US holds up UN envoy on Libya, frustrating Europeans
The United States said Wednesday it was waiting to build an "empowered" UN mission for Libya, frustrating France and Germany which say the delay in approving an envoy is jeopardising momentum to end the conflict.
The position of UN envoy for Libya has been vacant for three months, even with calls intensifying for a return to negotiations as the UN-recognised government beats back a rebel offensive.
Hanna Serwaa Tetteh, Ghana's former foreign minister, was proposed for the role weeks ago by UN Secretary-General Antonio Guterres but has not been confirmed, with diplomats pointing to US opposition.
"It's really urgent now. The situation in Libya is really bad," said the French ambassador to the United Nations, Nicolas de Riviere, as he went public with concerns Monday alongside his counterpart from Germany.
Christoph Heusgen, the German ambassador, said there needed to be a political rather than military solution.
"By withholding the agreement to a proposal by the secretary general with regard to the special envoy, those responsible... carry a very heavy responsibility," he said.
Neither envoy explicitly named the United States.
A US official, speaking on condition of anonymity, said the United States also sought Libyan negotiations soon but added: "We want an empowered UN mission that can accomplish this goal."
"This will require speedy action to appoint a UN special envoy who has the senior diplomatic clout and personal standing to make that engagement meaningful," the State Department official said.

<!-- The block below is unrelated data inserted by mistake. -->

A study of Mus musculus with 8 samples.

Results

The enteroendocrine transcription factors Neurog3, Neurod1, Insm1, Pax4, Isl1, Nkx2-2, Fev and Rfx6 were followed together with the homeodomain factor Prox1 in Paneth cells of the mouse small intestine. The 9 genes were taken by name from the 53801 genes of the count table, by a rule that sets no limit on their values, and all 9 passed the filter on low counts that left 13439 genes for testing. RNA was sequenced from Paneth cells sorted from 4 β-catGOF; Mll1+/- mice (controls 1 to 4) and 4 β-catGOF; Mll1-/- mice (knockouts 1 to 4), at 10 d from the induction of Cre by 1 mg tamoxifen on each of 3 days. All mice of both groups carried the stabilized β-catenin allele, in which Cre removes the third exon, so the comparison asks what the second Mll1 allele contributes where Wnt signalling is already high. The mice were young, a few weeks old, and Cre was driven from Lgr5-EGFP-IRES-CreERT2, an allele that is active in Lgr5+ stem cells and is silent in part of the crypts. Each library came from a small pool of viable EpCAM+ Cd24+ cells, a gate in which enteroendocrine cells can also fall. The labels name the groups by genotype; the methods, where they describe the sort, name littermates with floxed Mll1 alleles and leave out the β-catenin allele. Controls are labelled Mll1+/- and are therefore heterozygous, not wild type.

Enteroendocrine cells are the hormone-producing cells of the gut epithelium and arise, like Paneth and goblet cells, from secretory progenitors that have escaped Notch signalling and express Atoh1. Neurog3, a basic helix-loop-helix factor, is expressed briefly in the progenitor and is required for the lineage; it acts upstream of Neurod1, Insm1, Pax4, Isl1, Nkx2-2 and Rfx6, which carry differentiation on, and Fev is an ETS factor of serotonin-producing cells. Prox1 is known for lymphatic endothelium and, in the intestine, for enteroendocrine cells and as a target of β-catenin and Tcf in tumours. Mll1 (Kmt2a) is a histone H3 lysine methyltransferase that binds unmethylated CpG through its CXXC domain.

The official said the envoy should "focus exclusively on negotiation" while a special representative of the secretary general would focus on running the UN mission in Libya.
Ghassan Salame of Lebanon quit as envoy on March 2 citing health reasons.
Guterres first proposed as his successor Ramtane Lamamra, a former Algerian foreign minister, but that choice was vetoed by the United States, leading the UN chief to name Tetteh, who since 2018 has served as the UN representative to the African Union.
The United Nations has long had dual, complementary roles of special envoy and special representative in Cyprus and Western Sahara, but some countries see little to show from the model as both conflicts have been in stalemate for decades.
Libya has been in chaos since 2011 when a Western-backed uprising overthrew dictator Moamer Kadhafi.
Since last year, warlord Khalifa Haftar -- supported by the United Arab Emirates, Saudi Arabia, Egypt and Russian elements -- has been fighting to topple the UN-recognized Government of National Unity.
The Tripoli government, backed by Turkey, has made strong gains in recent weeks, including recapturing Tripoli's international airport on Wednesday.